Tell us about a project you worked on you are especially proud of and why. What was your role?
I'm legitimately proud of all my clients.
What are you working on at the moment?
I'm working on a killer new Red Dirt artist named Kyle Allgood. Love this guy!
Is there anyone on SoundBetter you know and would recommend to your clients?
Joseph J Chudyk at Mockingbird in Byron, NY. The guy is a killer mix engineer and producer. We work together frequently.
Analog or digital and why?
Both, because its not about me, it's about the song.
What's your 'promise' to your clients?
We're going to "make" this record, not just record it.
What do you like most about your job?
Listening to a song that gives me goosebumps.
What questions do customers most commonly ask you? What's your answer?
"How much is this going to cost?"
"I don't want this to be about the money"
What's the biggest misconception about what you do?
That indie artists are less desirable than signed artists. It's bullshit
What questions do you ask prospective clients?
What's your end goal, are looking to be famous or to make good music? They're different kinds of records.
What advice do you have for a customer looking to hire a provider like you?
Make sure that the hang is right. You need someone on your team who believes in what you do, and can tell you the truth. If it's about the money, it not the right fit. It's got to be a good hang, and based on trust.
If you were on a desert island and could take just 5 pieces of gear, what would they be?
Acoustic Guitar, Mac book, La-2a, U-47, Whiskey
What was your career path? How long have you been doing this?
I've been in the music scene for 20+ years. Started as a hired gun bass player in Seattle, then started the touring game, doing sessions, and then accidentally started producing. Currently, I produce full-time and play out with a few of my clients from time to time.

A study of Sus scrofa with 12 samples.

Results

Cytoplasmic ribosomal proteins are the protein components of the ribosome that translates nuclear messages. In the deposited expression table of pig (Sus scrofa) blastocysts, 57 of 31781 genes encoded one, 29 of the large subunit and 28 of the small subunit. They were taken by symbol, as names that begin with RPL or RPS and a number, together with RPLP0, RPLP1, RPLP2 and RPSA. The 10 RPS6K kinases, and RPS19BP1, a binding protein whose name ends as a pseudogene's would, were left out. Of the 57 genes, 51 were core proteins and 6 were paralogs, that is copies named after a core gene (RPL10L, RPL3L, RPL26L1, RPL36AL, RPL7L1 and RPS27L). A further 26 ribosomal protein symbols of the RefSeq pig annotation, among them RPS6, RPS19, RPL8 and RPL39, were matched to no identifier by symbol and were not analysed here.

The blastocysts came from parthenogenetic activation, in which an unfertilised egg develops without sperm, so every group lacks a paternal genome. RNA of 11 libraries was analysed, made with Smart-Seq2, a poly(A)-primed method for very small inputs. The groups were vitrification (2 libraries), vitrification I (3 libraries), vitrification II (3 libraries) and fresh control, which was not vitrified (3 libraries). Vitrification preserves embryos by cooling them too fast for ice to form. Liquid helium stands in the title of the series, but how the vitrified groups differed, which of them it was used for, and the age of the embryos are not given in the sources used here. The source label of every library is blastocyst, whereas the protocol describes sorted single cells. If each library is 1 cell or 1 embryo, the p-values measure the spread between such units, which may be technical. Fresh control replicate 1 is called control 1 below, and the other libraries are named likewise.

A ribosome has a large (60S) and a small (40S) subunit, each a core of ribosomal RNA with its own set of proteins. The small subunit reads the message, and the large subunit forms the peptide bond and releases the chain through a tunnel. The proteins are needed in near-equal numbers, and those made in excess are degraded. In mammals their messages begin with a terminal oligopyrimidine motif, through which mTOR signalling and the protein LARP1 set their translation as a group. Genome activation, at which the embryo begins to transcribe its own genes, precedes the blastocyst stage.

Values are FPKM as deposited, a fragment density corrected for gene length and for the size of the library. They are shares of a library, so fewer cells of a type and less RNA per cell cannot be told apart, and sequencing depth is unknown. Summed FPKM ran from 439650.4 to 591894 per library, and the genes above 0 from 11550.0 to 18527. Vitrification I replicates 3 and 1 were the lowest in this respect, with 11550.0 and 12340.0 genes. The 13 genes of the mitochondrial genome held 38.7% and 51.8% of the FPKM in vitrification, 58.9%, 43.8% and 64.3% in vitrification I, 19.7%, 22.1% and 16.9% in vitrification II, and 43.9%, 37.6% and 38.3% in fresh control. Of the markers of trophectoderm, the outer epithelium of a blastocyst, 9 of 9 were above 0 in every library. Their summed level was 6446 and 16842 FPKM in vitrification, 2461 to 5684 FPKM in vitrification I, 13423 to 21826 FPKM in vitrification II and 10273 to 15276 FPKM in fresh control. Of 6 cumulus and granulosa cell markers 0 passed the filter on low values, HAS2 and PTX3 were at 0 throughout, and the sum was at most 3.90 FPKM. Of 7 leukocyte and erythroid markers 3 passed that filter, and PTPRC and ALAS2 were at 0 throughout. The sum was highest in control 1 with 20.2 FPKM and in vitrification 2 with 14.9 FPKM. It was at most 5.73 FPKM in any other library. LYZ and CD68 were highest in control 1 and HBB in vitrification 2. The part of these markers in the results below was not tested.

How would you describe your style?
Redneck Sheek. :-)
Which artist would you like to work with and why?
Past Artist: Waylon Jennings, Michael Jackson
Can you share one music production tip?
The best plugin is plugging in the right mic.
What type of music do you usually work on?
We do a little bit of everything, but we specialize in Country, Americana, Red Dirt, Rockgrass etc.
What's your strongest skill?
Seeing the big picture and getting there.
What do you bring to a song?
Hook development, arrangement, musicianship, experience, tone,
What's your typical work process?
Chill for a bit and have a drink.....do some tracking.....have a drink..... track.....bbq something..... track.....have a drink......track .... repeat.
Tell us about your studio setup.
I own Third & James Studios in Denver, Colorado. We have a large 3800 sqft facility with two studios and over 1800 sqft of tracking space. Our main room is 45ft by 30ft with 18 ft ceilings. The control room is outfitted with an SSL 4056 E/G with the 9000K mod and a killer rack or gear and mics. Our B room is much smaller but outfitted with a Vintage Trident 80B that sounds killer and has amazing pedigree. It's a home away from home with a great vibe. However, we work in studios all over the country if necessary.
What other musicians or music production professionals inspire you?
I'm inspired by my artists. Each one of them brings something new to the table that teaches me more about the trade. Additionally, I'm inspired by producers who have changed the game, people who have allowed their artists to stretch the boundaries and break the rules.
Describe the most common type of work you do for your clients.
I think at it's core producing records is similar to being a coach. I try and encourage my clients to find their own unique sound, and abandon the rules. I help walk them through the process of preparing their songs for production and the market. We take our time and we ask the tough questions striving to make the song the best it can be. Then we make a record. We make it, we don't just record it. We make good records, not fast records.